Kavitha Ranganathan, M.D., Danielle Shapiro, PhD, Noelle Carlozzi, PhD, Michaella Baker, B.S., Christian Vercler, M.D., Steven J. Kasten, M.D., Seth Warschausky, PhD, Steven R. Buchman, M.D., Jennifer F. Waljee, M.D., M.S..
University of Michigan Health Systems, Ann Arbor, MI, USA.

BACKGROUND: Accurate measures of health-related quality of life (HRQOL) among children with cleft lip and palate (CLCP) are in high demand. The NIH validated Patient-Reported Outcomes Measurement Information System (PROMIS®) could provide data to compare outcomes across conditions, but the accuracy and feasibility of these measures remain unknown.
METHODS: We surveyed children ≥ five years of age with CLCP from a multidiscplinary clinic (n=93). Children completed PROMIS® Anxiety, Depression, and Peer relationship item banks by short form (SF) or computerized adaptive testing (CAT), and the Pediatric Quality of Life Inventory (PQL) for comparison. Construct validity was measured by Spearman’s correlation coefficients. Feasibility was defined by instrument completion time and reading level. Multivariate regression analyses controlled for race, gender, age, and income.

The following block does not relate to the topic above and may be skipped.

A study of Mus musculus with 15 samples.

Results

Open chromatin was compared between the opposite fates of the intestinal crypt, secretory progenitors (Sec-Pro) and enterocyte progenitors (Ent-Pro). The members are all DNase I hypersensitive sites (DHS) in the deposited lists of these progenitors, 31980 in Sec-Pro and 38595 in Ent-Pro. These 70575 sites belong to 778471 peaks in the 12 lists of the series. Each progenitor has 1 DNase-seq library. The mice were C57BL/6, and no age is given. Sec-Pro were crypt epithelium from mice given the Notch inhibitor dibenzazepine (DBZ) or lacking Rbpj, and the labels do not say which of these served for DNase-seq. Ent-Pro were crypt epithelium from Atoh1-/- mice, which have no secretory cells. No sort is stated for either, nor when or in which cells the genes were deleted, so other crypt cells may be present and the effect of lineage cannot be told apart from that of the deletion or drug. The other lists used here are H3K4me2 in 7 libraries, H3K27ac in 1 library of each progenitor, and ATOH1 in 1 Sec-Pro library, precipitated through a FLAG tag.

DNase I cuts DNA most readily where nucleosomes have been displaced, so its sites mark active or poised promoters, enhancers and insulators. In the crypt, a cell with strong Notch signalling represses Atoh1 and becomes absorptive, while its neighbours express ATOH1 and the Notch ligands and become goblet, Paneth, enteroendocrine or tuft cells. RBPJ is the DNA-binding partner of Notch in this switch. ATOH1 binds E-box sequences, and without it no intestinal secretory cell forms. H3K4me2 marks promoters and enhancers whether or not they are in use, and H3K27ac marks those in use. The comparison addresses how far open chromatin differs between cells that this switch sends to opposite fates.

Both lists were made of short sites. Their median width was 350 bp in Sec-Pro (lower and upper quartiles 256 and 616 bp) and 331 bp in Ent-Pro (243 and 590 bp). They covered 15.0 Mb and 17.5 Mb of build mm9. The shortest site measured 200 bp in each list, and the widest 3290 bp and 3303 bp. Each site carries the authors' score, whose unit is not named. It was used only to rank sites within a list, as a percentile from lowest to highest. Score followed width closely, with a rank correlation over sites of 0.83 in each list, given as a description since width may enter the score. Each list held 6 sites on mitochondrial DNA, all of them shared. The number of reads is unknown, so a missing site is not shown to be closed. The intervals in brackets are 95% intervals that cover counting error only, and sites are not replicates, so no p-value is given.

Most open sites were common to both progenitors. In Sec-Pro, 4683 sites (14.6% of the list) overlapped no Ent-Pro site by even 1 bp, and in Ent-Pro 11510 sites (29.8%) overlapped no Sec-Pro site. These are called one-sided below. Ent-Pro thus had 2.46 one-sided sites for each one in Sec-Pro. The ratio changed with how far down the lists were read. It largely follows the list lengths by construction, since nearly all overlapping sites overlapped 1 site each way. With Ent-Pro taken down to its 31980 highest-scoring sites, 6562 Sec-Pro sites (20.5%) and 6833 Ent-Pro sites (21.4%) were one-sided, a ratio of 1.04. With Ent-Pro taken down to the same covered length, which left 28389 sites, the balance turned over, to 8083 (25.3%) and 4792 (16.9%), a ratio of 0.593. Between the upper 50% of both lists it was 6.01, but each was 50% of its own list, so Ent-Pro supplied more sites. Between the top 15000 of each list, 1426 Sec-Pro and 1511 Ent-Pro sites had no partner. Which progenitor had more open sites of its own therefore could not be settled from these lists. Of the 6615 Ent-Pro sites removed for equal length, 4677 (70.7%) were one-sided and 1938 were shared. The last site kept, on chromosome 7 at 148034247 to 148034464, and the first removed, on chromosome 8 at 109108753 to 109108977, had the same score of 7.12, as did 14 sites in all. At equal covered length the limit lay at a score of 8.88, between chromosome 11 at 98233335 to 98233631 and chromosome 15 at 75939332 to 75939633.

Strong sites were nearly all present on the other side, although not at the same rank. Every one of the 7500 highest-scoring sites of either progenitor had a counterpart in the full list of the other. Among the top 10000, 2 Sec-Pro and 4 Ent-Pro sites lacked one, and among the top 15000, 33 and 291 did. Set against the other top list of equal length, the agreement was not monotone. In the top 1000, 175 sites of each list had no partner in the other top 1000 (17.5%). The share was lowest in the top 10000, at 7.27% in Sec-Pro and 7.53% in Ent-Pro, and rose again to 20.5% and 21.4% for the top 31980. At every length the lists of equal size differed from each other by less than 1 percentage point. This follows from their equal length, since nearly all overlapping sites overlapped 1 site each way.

RESULTS: PROMIS® was significantly correlated with PQL scores (PROMIS®: Peer Relationships: r=0.50, p<.001; Anxiety: r= -0.42, p<.001; Depression: r= -0.50, p<.001), with easier readability. Compared with SF versions, CAT administration demonstrated minimal floor (0% vs. 0%) and ceiling (8.6-17.5% vs. 21.8-41.9%) effects. Although CAT templates took significantly longer to complete (Anxiety: 63.4s ± 36.8 vs. 31.9s ± 13.1, p=0.002; Depression: 62.7s ± 42.8 vs. 31.7s ± 22.1, p= 0.01; Peer relationships: 75.3s ± 55.3 vs. 50.7s ± 39.1, p=0.13), children answered more questions within this time.
CONCLUSION: PROMIS® demonstrates similar accuracy, with greater sensitivity and readability compared with existing measures of HRQOL among children with CLCP. Use of such instruments will improve our ability to compare children with CLCP to diverse populations and clinical conditions in a longitudinal fashion.